Culture & Society

Book Review: 'Intelligence Over Centuries' By Vappala Balachandran

Vappala Balachandran's latest book, “Intelligence Over Centuries” is a fascinating tour de horizon of the world’s second-oldest profession.


From the principles of sypcraft enunciated by Chanakya, Sun Tzu and the Tamil philosopher and poet, Thiruvalluvar in ancient times to the exploits of Sir Francis Walsingham, Queen Elizabeth I’s spymaster in sixteenth-century England to the intelligence apparatus that existed under the British and was inherited by newly-independent India to the cataclysmic events of the two World Wars to the global contest for dominance between East and West during the Cold War era to the intense geopolitical rivalries unfolding in the second decade of the 21st century, Balachandran’s magnum opus takes the reader on a breathtaking journey, with the focus remaining unswervingly on the role of intelligence and its “alchemic” dimensions that he has consistently sought to demystify and deglamorise.


The author quotes extensively from American sources because, as he acknowledges, no country has produced open literature on intelligence in such vast quantities as the U.S. Yet, he brings a uniquely Indian perspective to the subject, exemplified best by the dictum of Thiruvalluvar in his Thirukural that the King should not believe any report received from his spies unless corroborated independently by three sources.


As a seasoned professional, Balachandran does not shy away from squarely addressing the sticky subject of intelligence failure – be it Kargil in 1999 or Mumbai in 2008 or Galwan in 2020 as far as India is concerned, the ill-advised, ill-fated covert action campaigns of the U.S. in Afghanistan and Iraq or, most recently, Russia’s ongoing Ukraine war, based as much on faulty intelligence as “entrenched beliefs” that often come in the way of “intelligence being able to report the truth to its masters.”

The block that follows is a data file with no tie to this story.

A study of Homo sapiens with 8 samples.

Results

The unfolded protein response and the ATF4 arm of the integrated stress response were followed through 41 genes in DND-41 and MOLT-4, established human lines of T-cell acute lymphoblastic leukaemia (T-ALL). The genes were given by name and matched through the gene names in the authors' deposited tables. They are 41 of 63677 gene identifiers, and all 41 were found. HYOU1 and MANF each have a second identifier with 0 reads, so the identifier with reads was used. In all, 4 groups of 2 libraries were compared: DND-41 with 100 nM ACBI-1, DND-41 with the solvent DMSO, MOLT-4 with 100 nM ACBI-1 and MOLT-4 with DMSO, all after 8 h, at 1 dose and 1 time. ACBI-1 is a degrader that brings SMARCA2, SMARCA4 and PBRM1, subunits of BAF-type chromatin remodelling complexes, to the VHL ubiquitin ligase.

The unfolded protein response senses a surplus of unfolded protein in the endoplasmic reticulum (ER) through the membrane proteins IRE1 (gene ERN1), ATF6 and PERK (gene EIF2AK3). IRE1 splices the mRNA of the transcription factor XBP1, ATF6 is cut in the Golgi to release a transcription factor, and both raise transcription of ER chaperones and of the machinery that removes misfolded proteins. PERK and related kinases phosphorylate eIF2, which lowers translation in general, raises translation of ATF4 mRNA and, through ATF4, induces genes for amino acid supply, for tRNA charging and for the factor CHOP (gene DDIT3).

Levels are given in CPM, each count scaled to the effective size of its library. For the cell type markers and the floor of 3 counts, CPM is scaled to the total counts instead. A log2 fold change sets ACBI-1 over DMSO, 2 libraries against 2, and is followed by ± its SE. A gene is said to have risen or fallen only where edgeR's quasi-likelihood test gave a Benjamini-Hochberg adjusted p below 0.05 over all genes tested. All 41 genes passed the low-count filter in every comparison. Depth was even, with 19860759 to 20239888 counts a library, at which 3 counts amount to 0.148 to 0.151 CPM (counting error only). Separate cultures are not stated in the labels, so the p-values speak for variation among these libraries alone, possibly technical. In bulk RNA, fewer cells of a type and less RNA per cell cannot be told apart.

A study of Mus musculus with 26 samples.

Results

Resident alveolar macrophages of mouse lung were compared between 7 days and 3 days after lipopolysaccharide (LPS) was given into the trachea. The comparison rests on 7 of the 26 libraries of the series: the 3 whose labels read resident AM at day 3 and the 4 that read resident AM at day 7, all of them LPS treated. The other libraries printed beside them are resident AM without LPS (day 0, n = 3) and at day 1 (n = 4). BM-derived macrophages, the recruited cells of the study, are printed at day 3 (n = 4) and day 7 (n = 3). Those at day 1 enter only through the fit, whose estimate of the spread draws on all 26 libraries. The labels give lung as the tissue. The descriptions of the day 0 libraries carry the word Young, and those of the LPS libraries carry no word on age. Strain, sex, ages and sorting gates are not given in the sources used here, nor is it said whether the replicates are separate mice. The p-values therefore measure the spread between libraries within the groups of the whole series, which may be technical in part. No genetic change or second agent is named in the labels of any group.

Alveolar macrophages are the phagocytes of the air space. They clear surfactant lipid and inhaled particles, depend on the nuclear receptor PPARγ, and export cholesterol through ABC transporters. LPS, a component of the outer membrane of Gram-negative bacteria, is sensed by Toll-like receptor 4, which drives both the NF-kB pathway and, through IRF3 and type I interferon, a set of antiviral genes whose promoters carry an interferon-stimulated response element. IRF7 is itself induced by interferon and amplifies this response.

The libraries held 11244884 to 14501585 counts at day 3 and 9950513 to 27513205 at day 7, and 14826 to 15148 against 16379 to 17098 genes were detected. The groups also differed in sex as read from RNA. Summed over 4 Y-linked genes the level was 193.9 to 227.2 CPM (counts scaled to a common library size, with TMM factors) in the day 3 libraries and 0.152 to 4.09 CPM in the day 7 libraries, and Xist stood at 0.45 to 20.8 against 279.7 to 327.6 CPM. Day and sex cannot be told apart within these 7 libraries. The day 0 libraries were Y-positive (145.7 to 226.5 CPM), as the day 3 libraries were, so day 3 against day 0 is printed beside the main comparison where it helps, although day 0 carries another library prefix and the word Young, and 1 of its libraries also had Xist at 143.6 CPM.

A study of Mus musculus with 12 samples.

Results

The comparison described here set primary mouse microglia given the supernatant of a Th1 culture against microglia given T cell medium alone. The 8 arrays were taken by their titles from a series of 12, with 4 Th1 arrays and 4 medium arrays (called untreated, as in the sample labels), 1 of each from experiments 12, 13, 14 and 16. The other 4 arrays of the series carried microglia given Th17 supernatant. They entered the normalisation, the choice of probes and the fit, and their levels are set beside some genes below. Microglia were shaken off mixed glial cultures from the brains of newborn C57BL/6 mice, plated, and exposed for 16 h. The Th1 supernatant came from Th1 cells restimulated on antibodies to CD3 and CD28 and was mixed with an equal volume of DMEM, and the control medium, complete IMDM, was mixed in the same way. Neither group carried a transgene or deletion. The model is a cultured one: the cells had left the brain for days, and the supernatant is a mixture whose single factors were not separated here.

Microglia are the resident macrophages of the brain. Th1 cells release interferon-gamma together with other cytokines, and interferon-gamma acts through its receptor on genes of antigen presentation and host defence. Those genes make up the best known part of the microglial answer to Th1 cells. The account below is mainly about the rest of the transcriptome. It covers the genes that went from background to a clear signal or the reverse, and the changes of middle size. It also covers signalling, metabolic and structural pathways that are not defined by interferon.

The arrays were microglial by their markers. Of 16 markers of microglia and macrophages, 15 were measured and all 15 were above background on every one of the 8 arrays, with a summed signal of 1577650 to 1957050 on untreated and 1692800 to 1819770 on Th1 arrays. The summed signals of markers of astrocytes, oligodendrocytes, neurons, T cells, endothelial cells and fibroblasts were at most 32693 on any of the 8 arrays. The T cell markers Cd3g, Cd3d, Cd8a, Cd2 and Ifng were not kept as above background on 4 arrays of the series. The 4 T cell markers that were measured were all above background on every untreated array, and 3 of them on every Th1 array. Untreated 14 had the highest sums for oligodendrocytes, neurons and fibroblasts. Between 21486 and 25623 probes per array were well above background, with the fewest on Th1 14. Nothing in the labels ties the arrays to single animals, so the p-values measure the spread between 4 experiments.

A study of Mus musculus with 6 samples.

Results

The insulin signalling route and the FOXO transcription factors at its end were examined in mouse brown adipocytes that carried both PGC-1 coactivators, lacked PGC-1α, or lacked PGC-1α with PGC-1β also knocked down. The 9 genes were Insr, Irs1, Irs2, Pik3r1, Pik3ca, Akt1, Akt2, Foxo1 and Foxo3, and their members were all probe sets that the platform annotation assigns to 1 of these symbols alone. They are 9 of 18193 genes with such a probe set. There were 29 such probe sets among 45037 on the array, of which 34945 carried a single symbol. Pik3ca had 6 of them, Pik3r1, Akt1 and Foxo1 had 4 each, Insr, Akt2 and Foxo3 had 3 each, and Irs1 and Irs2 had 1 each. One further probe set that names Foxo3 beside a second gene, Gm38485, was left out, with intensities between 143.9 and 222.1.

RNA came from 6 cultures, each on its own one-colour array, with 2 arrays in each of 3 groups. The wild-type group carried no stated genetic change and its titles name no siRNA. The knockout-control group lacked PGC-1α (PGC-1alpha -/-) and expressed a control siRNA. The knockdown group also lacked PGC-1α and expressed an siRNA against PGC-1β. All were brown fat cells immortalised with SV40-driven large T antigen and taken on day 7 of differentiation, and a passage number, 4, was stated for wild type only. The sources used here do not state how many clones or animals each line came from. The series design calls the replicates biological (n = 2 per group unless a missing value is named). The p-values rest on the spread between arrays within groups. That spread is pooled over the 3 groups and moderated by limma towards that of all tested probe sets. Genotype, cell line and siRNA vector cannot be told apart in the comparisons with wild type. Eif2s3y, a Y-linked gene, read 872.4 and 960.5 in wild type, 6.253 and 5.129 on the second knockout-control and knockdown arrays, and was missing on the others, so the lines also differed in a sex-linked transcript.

The best of ventures are not free of the occasional shortcoming. The reported transfer of funds from Dubai by the Indian mafioso, Aftab Ansari to Muhammad Atta, the lead hijacker of 9/11, through the Pakistani jihadist, Omar Saeed Sheikh, for instance, is not an established fact, although Ansari’s links with both Sheikh and the late Asif Reza Khan whose associates carried out the attack on the American Centre in Kolkata in 2002 is not in doubt.

There is much in the book for serious practitioners of intelligence and laymen alike. Young officers embarking on careers in intelligence would do well to get hold of the book and read it for the rich insights that it has to offer.